Our friend Chris Rooney remembers SNL as a new wave-friendly playground…
If you weren’t lucky enough to have cable television in the early 1980s — or a cable provider that offered MTV showing round-the-clock music videos or TBS SuperStation, which had Nighttracks that did so to a lesser degree — then your chances to see your favorite new wave acts on the Big Three Networks (NBC, ABC and CBS) were pretty slim.
NBC aired The Midnight Special from 1972 to 1981. The 90-minute concert program followed the Friday night edition of The Tonight Show Starring Johnny Carson, but the show was pretty thin when it came to introducing upcoming post-punk or new wave acts. The time slot was later replaced with Friday Night Videos (1983-2000), NBC’s answer to the by-then-popular MTV.
The stalwart through this whole era leading up to the present is Saturday Night Live. Created in 1975, each week between various live comedy sketches, a music guest, either a solo act or a band, performed one or two songs live. Due to the shows edgy humor and younger demographic, big named acts rolled through the doors of Studio 8H at 30 Rockefeller Center to perform to a nationwide audience. Unlike NBC’s other big late night franchise, The Tonight Show, SNL stayed up with the times and featured many hot acts.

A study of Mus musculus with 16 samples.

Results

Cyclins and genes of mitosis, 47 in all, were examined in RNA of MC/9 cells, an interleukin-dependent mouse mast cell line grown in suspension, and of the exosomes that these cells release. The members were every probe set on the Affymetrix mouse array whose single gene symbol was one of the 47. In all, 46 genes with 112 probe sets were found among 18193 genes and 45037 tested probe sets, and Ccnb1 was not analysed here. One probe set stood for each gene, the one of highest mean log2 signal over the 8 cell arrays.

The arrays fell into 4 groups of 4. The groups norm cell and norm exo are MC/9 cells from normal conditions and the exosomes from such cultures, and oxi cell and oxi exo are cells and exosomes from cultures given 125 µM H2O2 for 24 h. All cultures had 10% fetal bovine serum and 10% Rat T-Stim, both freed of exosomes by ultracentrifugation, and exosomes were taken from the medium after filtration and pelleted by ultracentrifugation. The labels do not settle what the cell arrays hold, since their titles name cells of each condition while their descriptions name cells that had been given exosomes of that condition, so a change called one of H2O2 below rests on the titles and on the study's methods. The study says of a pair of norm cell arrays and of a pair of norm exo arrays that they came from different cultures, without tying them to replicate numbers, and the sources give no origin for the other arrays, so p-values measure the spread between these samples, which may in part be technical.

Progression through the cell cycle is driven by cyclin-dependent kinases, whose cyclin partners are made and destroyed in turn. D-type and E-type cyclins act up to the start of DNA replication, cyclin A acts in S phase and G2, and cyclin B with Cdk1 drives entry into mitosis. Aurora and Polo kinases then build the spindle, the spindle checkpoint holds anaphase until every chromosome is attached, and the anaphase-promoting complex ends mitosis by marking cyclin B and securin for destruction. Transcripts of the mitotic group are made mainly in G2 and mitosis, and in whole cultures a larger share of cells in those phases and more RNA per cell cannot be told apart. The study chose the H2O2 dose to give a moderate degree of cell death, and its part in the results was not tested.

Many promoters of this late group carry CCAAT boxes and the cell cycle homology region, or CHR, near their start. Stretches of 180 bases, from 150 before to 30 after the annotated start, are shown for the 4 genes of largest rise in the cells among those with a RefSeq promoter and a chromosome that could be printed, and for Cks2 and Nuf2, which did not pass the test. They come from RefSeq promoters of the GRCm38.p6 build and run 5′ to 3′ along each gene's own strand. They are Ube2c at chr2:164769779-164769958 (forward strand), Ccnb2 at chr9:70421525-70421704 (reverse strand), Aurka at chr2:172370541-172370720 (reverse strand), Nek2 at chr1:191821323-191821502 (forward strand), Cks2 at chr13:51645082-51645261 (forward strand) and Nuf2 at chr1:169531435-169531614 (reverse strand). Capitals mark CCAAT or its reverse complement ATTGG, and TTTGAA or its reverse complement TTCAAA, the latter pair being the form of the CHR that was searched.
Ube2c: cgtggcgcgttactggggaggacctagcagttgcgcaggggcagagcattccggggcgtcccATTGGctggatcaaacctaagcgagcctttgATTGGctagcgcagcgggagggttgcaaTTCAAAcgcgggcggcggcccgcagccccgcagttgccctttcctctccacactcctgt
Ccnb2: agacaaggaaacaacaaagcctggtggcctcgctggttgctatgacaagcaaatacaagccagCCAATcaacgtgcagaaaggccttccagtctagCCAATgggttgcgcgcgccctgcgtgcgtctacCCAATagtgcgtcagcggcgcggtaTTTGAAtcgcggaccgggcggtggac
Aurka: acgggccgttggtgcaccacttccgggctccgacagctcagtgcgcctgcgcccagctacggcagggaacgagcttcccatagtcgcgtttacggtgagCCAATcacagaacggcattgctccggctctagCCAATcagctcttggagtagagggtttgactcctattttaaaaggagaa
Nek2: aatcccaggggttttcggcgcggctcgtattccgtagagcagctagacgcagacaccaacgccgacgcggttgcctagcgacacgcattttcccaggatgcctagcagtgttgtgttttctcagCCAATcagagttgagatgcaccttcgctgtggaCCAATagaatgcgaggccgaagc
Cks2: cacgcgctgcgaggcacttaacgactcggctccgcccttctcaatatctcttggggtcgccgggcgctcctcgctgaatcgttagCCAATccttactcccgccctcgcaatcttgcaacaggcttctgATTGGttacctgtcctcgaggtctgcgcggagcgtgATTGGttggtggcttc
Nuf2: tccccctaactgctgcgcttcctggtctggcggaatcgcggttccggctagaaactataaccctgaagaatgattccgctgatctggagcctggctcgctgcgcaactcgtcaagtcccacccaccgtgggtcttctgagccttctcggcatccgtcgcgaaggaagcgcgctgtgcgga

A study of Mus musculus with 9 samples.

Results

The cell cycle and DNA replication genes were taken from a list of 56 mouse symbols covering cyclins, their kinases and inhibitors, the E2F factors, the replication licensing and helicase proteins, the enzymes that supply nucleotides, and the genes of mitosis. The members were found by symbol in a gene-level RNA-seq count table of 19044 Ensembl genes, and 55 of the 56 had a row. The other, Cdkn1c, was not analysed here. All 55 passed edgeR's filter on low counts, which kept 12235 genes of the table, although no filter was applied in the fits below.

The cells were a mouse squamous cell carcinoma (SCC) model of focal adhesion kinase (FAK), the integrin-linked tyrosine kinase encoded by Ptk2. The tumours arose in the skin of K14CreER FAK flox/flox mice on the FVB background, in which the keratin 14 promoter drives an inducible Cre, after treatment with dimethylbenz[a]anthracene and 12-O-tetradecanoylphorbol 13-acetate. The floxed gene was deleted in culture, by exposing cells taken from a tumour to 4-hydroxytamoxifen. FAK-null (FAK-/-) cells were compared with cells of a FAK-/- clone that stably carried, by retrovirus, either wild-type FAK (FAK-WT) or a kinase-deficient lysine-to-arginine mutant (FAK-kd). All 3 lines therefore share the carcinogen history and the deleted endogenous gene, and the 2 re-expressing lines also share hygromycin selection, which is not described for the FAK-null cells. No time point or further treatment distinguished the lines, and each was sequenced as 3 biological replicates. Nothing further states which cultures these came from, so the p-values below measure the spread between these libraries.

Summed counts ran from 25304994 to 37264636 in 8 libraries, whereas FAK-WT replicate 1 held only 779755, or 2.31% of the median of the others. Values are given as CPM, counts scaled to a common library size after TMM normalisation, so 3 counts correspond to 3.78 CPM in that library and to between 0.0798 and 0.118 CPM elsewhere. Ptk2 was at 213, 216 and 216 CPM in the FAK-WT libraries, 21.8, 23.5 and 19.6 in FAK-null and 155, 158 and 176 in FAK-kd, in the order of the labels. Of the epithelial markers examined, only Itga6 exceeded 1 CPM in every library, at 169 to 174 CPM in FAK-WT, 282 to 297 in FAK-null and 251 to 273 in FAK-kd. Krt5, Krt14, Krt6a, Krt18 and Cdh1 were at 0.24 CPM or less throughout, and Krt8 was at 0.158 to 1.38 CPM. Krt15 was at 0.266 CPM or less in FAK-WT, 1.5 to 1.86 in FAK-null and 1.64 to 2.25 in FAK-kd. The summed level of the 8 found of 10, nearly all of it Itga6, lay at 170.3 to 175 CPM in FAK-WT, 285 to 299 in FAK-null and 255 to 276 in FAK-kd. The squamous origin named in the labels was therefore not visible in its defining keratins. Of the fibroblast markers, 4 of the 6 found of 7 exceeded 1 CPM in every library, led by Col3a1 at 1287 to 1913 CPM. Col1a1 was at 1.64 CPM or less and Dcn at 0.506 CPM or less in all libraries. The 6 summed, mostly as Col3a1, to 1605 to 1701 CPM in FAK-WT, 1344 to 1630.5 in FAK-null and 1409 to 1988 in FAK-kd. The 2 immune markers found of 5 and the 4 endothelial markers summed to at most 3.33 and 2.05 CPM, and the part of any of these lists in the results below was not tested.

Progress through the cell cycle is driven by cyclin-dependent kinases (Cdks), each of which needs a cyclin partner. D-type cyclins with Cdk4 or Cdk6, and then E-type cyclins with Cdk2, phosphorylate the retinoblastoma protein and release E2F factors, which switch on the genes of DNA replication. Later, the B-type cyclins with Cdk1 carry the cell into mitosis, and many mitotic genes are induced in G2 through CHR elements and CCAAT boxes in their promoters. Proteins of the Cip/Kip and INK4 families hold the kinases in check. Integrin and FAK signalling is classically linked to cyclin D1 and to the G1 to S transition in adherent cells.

For many American teens, SNL was — and is — a way to see their favorite artists play live on stage. The rising popularity of the home VCR allowed one to record the show to watch later since the musical guest usually didn’t go on until well past midnight. Being a live television show for the last 40 years, SNL has always courted controversy and not just from its Not-Ready-For-Primetime cast. Whether it was Elvis Costello intentionally changing his choice of song 30 seconds into his performance, or Sinéad O’Connor ripping up a photo of the pope, or a really drunk Replacements mouthing obscenities while playing, the studio heads always have had to keep one finger on the five-second delay button.